AMMAN (Dow Jones Newswires), Aug. 16, 2011
Iraq's gas deal with Shell to capture and exploit associated gas from its giant southern oil fields is expected to produce two billion cubic feet a day, according to an official agreement summary obtained by Dow Jones Newswires Tuesday.
The Iraqi oil ministry signed in July a final draft deal with Shell and Japan's Mitsubishi to develop gas production in southern Iraq. However, in order to become valid the deal still needs approval from the Baghdad government.
The two sides disclosed few details about the agreement when they signed it in July.
The investment required for the 25-year venture--in which Baghdad has 51%, Shell 44% and Mitsubishi 5%--is $17.2 billion instead of the previously announced $12 billion, the document said.
It said some $12.8 billion would be spent on rehabilitation of existing infrastructure and building new ones, while an additional $4.4 billion is required for an liquefied natural gas facility to be built by Shell and Mitsubishi.
The joint venture, called the Basra Gas Company, or BGC, initially would deliver gas to Iraq's domestic market to fuel-starved Iraqi power plants, but would then export the extra gas after meeting local need. The planned LNG terminal would handle the export of 600 million cubic feet a day.
Baghdad needs to contribute $5.236 billion in the venture, some $1.524 billion of which is existing infrastructure. While Shell and Mitsubishi need to contribute nearly $7 billion, and the remaining money will be financed through the venture's returns, according to the summary submitted by Iraq's oil ministry to the country's parliament.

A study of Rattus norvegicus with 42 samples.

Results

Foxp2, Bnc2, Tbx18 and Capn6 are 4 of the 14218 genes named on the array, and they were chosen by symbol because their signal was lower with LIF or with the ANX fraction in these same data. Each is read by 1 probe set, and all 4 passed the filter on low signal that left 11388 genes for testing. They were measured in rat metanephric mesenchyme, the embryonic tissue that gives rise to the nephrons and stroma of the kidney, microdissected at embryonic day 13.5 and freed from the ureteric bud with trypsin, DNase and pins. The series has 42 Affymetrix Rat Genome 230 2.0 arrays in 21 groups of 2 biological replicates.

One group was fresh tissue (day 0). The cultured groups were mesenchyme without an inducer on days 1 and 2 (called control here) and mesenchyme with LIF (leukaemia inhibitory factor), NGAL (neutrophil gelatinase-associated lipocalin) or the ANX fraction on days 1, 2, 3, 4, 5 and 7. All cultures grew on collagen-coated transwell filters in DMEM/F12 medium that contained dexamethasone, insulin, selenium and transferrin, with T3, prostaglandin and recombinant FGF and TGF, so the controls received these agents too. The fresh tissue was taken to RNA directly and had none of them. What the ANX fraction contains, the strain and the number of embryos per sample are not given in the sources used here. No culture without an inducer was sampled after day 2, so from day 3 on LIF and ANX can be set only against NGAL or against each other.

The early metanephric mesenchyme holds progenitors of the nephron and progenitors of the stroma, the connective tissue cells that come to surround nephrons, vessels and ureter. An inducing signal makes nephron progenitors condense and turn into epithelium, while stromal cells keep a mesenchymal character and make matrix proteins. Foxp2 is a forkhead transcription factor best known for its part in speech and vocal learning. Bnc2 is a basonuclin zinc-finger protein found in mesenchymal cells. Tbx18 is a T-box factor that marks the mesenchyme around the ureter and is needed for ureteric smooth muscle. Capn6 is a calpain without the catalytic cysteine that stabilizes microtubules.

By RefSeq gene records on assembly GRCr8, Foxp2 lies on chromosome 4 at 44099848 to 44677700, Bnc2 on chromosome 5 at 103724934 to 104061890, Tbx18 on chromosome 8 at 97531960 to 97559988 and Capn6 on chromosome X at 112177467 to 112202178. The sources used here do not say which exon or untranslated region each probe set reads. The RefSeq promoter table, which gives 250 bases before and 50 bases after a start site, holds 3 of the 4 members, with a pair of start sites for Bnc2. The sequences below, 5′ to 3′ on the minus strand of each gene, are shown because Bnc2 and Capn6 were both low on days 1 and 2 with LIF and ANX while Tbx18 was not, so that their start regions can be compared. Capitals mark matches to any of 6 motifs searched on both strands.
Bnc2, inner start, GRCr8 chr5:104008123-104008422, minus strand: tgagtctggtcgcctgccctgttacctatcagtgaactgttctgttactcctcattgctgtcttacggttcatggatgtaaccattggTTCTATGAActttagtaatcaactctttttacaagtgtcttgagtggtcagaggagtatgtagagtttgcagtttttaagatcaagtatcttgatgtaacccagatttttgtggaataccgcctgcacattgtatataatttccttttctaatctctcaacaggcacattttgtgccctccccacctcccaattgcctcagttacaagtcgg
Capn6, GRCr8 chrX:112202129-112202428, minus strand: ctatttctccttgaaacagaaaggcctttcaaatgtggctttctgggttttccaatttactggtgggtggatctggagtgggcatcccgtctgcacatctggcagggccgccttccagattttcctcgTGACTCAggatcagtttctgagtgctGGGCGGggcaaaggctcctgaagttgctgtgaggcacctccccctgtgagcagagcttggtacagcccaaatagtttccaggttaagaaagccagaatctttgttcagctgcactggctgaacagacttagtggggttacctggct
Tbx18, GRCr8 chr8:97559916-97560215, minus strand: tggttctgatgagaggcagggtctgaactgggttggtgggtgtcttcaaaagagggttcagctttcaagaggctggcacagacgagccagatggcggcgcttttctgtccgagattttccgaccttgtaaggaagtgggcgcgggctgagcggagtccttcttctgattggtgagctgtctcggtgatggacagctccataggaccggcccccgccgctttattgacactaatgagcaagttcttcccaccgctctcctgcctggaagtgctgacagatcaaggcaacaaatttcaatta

Shell and Mitsubishi are also offering an optional loan of $1 billion to the Iraqi side in the venture, it added.
The joint venture would sell produced gas to Iraq's state South Gas Company, or SGC, at international standard pricing. The crude and gas linked pricing formula in the agreement summary implies that, at Brent price of $75 a barrel, the BGC joint venture would get $3.22 per million British thermal units of dry gas sold to SGC.
But the SGC would have to sell the gas it buys back from the joint venture at just $1.04/mmbtu to Iraqi power plants and industry, meaning the SGC would pay huge subsidies, which would further increase if world's gas prices rise.
Iraq estimates, however, it should still make around $31.1 billion over the 25 years of the project from taxes, fees and the raw gas sales to the joint venture, the document said.
The BGC would use Shell technology to gather and process gas from the giant southern oil fields of Rumaila, West Qurna Phase 1 and Zubair.
Iraq, which has natural gas reserves totaling 112.6 trillion cubic feet, the tenth largest in the world, produces only around 1.5 billion cubic feet a day, with half of that amount is being flared daily, because of lack of infrastructure to produce and market the gas.